So maybe your life is a little off track. Whose isn't? You could be a teen struggling with identity, a young adult in an uninspiring career, an exhausted 60-something without the means to retire, or a miserable 80-year-old with no friends in sight. Whoever you are and whatever you're struggling with, the basics that can put you back on track and keep you there are the same.
Feed the Body
Think of your body as hardware, your mind and spirit as software. Without functioning hardware, the software can't run. Unlike the mind and spirit, the body lives strictly in the present, front and center in the physical world. If your mind is stuck in the past or busy dreading the future, your body is caught in the middle experiencing all the fear and dread your mind is dishing out. To keep stress at bay, you need a plan:
1. Start fresh -- Talk to your doctor about a liver cleanse. The liver is the detox center of the body, filtering and often storing every dietary, environmental, and pharmaceutical insult you've cast its way since birth. This is not a colon cleanse; you will not be in the bathroom all day. Your body will be moderately challenged at first as it sweats the toxins. But if you give it this one blessing, it will reward you with a bounty of health and energy.
2. Upgrade the diet -- Your detox comes with a nutritional plan. Keep it going even marginally, and your body will gratefully do a better job of regulating blood sugar, cholesterol, blood pressure, weight, and more, granting you plenty of energy to take the next step.
3. Turn up the music -- Movement is critical to physical health. Don't look for a gimmick. Don't find a way out. Just stick to the plan and do it -- one meal at a time, one walk (or dance) at a time, one day at a time. Get into a routine and stay there. It may not always feel like fun, but you'll definitely enjoy the rewards.
Feed the Mind
Your mind has two levels -- personal and collective. You participate in both whether you know it or not. On the personal level you process old thoughts and new back and forth like zip lines. Disciplining the mind is one of the most difficult but important things you can do for your health and wellbeing. You must learn to keep that software on the screen and in the present. Once you achieve this, your contribution to the collective mind will also improve. Here's how:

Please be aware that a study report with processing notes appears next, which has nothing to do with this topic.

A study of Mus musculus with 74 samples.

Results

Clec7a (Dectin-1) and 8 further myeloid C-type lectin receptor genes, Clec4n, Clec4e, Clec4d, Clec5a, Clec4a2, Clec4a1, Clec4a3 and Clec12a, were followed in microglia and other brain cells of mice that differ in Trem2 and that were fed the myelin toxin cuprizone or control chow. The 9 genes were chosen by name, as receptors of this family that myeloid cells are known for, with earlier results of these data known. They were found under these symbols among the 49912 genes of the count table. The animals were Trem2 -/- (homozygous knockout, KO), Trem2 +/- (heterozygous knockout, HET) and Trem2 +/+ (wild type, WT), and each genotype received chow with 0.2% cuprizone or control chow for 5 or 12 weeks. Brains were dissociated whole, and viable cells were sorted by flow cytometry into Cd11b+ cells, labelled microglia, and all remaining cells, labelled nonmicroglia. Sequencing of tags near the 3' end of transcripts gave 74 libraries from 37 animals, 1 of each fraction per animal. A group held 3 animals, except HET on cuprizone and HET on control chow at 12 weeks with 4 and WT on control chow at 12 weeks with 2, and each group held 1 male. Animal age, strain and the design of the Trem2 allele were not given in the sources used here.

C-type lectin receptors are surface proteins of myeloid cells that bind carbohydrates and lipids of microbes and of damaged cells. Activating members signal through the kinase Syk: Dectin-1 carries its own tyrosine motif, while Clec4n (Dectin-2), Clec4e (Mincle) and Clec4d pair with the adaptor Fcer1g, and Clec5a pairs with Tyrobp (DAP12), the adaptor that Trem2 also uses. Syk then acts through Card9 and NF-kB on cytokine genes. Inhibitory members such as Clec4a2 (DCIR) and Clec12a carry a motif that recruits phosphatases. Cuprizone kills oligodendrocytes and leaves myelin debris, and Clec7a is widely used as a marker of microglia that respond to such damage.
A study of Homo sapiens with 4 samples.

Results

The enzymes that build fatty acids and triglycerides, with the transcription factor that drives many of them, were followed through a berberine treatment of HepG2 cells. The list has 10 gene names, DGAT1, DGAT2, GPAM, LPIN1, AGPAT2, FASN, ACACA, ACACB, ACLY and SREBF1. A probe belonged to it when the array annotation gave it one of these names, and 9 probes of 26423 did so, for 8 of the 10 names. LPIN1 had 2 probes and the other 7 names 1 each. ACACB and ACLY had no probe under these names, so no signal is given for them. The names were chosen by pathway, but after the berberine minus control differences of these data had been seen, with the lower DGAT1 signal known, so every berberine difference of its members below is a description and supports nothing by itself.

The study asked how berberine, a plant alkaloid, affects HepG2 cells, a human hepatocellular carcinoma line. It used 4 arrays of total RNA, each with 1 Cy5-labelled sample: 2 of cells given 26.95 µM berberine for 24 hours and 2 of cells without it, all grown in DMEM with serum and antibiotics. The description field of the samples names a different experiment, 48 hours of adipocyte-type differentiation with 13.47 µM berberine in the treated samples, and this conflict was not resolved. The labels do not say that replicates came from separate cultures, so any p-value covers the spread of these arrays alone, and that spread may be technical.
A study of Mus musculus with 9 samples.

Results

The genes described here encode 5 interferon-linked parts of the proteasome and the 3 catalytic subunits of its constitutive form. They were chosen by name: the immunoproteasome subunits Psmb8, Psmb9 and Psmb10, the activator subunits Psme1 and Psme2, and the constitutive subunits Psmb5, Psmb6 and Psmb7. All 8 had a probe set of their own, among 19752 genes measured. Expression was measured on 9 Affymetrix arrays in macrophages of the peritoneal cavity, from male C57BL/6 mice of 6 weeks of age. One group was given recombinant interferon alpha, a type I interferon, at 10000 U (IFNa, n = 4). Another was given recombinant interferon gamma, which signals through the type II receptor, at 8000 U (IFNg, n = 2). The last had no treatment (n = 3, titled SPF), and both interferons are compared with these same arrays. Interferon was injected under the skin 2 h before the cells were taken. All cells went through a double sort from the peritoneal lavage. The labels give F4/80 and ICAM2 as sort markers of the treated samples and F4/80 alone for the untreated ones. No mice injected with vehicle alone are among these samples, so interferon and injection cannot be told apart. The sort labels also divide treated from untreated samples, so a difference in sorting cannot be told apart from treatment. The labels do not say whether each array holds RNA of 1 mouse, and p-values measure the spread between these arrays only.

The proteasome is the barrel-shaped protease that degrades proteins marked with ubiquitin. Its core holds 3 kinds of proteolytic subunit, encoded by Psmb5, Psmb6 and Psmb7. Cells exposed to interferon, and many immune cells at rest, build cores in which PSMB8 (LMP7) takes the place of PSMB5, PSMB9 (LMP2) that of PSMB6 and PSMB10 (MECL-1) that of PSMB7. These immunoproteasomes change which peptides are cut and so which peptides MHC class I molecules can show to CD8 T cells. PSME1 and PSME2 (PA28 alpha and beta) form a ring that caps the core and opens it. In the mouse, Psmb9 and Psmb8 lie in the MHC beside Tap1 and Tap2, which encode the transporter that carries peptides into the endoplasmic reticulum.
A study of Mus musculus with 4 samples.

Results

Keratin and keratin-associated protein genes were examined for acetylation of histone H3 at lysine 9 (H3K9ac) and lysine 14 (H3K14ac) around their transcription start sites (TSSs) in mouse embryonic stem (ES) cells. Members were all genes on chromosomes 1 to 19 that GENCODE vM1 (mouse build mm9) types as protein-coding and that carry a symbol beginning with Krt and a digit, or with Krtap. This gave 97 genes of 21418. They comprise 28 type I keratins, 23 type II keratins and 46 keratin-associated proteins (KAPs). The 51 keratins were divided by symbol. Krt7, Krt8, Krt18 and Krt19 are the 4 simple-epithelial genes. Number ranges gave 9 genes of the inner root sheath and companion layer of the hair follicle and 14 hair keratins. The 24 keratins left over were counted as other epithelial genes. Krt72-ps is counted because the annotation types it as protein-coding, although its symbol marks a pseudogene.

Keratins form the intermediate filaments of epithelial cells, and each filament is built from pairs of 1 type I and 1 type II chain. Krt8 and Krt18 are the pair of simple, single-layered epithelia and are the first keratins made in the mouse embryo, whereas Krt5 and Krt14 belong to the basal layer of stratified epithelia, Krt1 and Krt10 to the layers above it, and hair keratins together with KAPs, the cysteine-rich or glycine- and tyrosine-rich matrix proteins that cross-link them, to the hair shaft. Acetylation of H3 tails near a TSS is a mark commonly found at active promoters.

1. Breathe -- Training wheels first. Sit comfortably, away from stimulation, close your eyes, and concentrate on the vital force in your lungs. Inhale; exhale. Start with 10 minutes. This can have a profound effect on your mood as well as your ability to stay focused on the game plan. Increase in five-minute increments until you reach 20. Don't do more in one day than you're willing to do every day. Consistency is key to long-term practice.
2. Turn on your GPS -- In other words, be mindful. Notice where you are in space -- what surrounds you, what your body has to do to enjoy the view or navigate the obstacles. Turning on your GPS requires you to know your physical coordinates and to operate in the present with awareness. If every time you take the stairs, carry a child, drive a car, you remind yourself to turn on that GPS, you will greatly reduce your chances of living an accidental life.
3. Ditch the comfort zone -- Learn a language, musical instrument, or word game. Anything that challenges the brain to create new pathways reduces the possibility of mental arthritis and emotional tyranny. Great minds are creative, flexible, interested in others, compassionate, and connected to the heart. New challenges enable you to abandon the comfort zone that keeps you rigid and weighed down.
Feed the Spirit
Most of us understand the spirit in the context of religion, but modern scientific study of energy has brought new meaning to the term. In those circles the words "spiritual" and "energetic" are often used interchangeably. This is because the spirit is no longer viewed as an abstract entity, but as a distinct vibrational field -- the actual energetic host of your mind and body. Our spirits are the most intimate things about us, and ironically, the least familiar. No matter your context or definition, the means of nourishing the spirit is the same.
1. Pray -- You are never really powerless when prayer is sincerely invoked. It's a means of letting go, acknowledging God, and releasing your praise or problems to the causal level where wholeness (and solutions) exist. Recitative prayer is a good beginning as long as it's affirmative. Recite a prayer or create your own. Prayer works. By releasing the ego, the spirit becomes expansive, allowing change to occur.
2. Meditate -- This time I'm suggesting a deeper practice called contemplation. Sit quietly and concentrate on your breath in and out. Clear your screen -- no words, images, or concepts. You are intentionally placing yourself in the divine presence, so be alert. Maybe not this time, or next time, but with deliberation and purity of intention at some point you will experience a greater connection to the Source. In addition to the spiritual benefits, there are countless mental and physical benefits to this practice, including deep peace and healing on a cellular level. Combine it with breathing exercises and start with ten minutes. It's worth the time.
3. Participate -- Prayerful communal ritual elevates the spirit. Participating in a compassionate community that serves others will bless you too. With respect to preaching, keep in mind the words of St. Francis: "Preach the Gospel; use words only when necessary." Preach by example and with humility always. There is more we don't know than we do.